My friend Winner describes himself as “super Chinese”, even though he grew up in California and cheers on terrible American football teams. It’s not the kind of Chinese that my husband is, where they all hang out in Chinatown and burn stuff in the front yard once a year. According to Winner, “super Chinese” means having parents who were forced to go to Chinese school and meeting up at community centers and temples to describe your particular brand of Chinese-ness — in his case, Hainan, which Thais refer to as “Hailum”.
The majority of Thais with Chinese heritage are Teochew, or Chiu Chow. That means a healthy smattering of Teochew restaurants throughout Bangkok, keeping the bak ku teh and oyster omelet faith. But that doesn’t mean there isn’t a healthy slice of eateries out there that aren’t Hainanese. After all, one of the most well-known street food dishes in the country is probably Hainanese chicken rice (khao mun gai), the one-two punch of fork-tender chicken and fatty globules of slick white rice (and clear soup and, let’s face it, the chili-speckled sauce). That’s just one of the dishes that this southernmost Chinese province has to offer. There’s also kanom jeen hailum, or Hainanese rice vermicelli.
One of my favorite things about Thai street food — if not my absolute favorite thing — is the range of dishes available, snatched and twisted into Thai-style shapes from cultures all over the globe. Unlike its chicken rice counterpart, Hainanese rice noodles are one of those dishes that are increasingly hard to find, in spite of itself: a seemingly bewitching mix of thick udon-like strands cosseted in a thickened broth punctuated with shrimp paste, peanuts, sesame seeds, pickled greens and of course coriander and green onion, left to stew into an amiable sludge. And there are the slices of pork too.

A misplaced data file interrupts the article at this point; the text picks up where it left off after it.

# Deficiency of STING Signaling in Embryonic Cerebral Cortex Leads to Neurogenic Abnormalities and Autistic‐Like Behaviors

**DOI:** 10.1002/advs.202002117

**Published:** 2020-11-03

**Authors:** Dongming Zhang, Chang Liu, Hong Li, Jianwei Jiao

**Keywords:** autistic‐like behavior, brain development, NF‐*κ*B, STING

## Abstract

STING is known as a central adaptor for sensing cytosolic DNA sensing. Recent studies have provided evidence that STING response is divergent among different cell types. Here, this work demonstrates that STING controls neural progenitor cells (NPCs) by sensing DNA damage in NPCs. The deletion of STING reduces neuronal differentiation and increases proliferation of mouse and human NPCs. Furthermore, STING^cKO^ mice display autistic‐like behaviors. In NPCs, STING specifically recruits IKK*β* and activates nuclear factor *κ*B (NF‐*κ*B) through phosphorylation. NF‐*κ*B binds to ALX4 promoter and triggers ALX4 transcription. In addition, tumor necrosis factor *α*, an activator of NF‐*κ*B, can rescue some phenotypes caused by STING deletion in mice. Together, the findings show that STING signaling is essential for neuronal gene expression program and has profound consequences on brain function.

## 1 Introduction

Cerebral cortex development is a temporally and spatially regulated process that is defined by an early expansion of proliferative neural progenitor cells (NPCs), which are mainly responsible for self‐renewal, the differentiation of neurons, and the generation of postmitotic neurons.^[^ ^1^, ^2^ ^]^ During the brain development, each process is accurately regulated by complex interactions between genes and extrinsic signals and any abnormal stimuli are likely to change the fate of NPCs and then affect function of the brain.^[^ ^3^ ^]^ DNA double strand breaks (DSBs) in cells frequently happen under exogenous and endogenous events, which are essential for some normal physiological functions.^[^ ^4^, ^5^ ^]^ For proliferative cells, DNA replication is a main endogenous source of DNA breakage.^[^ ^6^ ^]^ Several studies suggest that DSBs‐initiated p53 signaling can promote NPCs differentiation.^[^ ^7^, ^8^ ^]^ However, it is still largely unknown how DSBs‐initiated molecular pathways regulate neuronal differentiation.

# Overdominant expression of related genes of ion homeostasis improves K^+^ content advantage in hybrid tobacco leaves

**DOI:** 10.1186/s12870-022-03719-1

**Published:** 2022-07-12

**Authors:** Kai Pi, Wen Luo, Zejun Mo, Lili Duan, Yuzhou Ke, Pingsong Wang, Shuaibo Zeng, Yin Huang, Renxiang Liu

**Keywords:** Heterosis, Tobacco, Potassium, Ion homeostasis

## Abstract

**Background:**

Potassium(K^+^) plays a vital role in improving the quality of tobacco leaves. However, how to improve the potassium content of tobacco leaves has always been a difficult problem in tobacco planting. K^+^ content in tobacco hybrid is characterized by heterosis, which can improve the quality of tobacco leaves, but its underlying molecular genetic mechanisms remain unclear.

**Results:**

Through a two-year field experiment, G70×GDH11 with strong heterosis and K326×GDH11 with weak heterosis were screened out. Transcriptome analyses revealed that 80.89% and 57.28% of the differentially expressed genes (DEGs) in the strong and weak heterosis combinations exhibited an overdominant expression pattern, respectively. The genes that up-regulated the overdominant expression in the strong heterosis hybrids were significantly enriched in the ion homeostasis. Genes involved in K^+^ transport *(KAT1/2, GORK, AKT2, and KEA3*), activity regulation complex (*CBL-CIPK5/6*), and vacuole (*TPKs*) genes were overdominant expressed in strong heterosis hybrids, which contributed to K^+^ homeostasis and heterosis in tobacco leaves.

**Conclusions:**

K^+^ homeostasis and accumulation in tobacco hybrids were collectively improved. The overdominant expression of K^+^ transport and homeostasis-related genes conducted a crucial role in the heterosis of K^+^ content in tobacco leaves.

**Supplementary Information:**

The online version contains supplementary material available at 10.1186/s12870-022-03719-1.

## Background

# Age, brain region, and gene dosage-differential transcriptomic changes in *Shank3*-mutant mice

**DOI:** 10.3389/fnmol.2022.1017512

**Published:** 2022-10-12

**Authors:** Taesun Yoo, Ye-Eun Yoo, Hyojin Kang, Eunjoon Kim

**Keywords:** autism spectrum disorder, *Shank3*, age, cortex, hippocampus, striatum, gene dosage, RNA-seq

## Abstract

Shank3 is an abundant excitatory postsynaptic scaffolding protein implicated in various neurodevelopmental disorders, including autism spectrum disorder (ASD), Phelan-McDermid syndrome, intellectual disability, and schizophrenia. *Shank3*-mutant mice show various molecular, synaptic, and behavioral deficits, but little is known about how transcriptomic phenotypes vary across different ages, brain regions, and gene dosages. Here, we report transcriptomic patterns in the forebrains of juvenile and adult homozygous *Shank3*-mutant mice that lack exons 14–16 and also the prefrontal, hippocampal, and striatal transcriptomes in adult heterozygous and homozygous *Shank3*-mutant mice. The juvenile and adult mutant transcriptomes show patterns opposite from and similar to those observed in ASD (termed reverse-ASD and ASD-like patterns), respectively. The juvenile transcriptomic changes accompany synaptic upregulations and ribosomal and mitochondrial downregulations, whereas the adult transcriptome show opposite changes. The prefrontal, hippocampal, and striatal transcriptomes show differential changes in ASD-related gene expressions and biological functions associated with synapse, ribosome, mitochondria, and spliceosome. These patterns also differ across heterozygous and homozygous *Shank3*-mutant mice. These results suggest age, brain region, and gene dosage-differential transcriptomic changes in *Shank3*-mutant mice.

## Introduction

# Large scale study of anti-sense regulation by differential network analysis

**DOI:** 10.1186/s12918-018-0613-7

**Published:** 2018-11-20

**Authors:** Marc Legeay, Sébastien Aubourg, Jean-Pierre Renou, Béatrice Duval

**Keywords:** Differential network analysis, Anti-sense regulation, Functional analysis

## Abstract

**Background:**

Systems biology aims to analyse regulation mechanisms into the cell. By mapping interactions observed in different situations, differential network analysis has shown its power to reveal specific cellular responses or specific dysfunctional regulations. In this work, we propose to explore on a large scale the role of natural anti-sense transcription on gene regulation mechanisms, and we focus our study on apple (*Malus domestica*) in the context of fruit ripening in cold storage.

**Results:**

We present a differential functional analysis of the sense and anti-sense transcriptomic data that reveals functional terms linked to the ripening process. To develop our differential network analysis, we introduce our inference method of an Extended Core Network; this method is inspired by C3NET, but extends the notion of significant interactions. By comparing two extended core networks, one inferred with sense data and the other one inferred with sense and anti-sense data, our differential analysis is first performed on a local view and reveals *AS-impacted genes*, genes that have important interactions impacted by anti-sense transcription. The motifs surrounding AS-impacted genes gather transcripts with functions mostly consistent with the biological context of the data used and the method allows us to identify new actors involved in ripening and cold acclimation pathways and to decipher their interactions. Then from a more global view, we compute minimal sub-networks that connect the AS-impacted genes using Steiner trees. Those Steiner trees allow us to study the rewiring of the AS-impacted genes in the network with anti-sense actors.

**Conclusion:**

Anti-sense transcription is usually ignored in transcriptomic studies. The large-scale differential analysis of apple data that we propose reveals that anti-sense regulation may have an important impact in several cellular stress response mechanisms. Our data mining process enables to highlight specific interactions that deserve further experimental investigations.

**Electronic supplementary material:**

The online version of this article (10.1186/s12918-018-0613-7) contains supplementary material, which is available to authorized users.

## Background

There are several places to have this dish, including the pretty obviously-named Kanom Jeen Hai Lum (Charoen Nakorn Road between Sois 17 and 19), which also serves chicken rice, because of course. But another place that places almost all its eggs in the kanom jeen basket is Jay Wa-Jay Yong (463/54-55 Luk Luang Soi 8, open 5-11pm), where the distinctive green bowl of Shell Chuan Chim (Thailand’s answer to the Michelin guide) adorns the shophouse.
For my money though (even though Winner paid), the best thing at this shophouse is the yum Hailum, or Hainanese spicy salad, cleverly made up of all the things that would garnish a bowl of noodles, but dressed up in the Thai chili-lime-fish sauce dressing that renders everything it touches delicious. A mix of pork slices, moo yaw (steamed pork pate), Chinese mushrooms, lettuce, pickled greens and sesame seeds, this salad has it all: texture, taste, and punch, a dish that can only be found at this dinner spot (so Winner says). They gave me a separate plate so that I could share, but of course there was no need.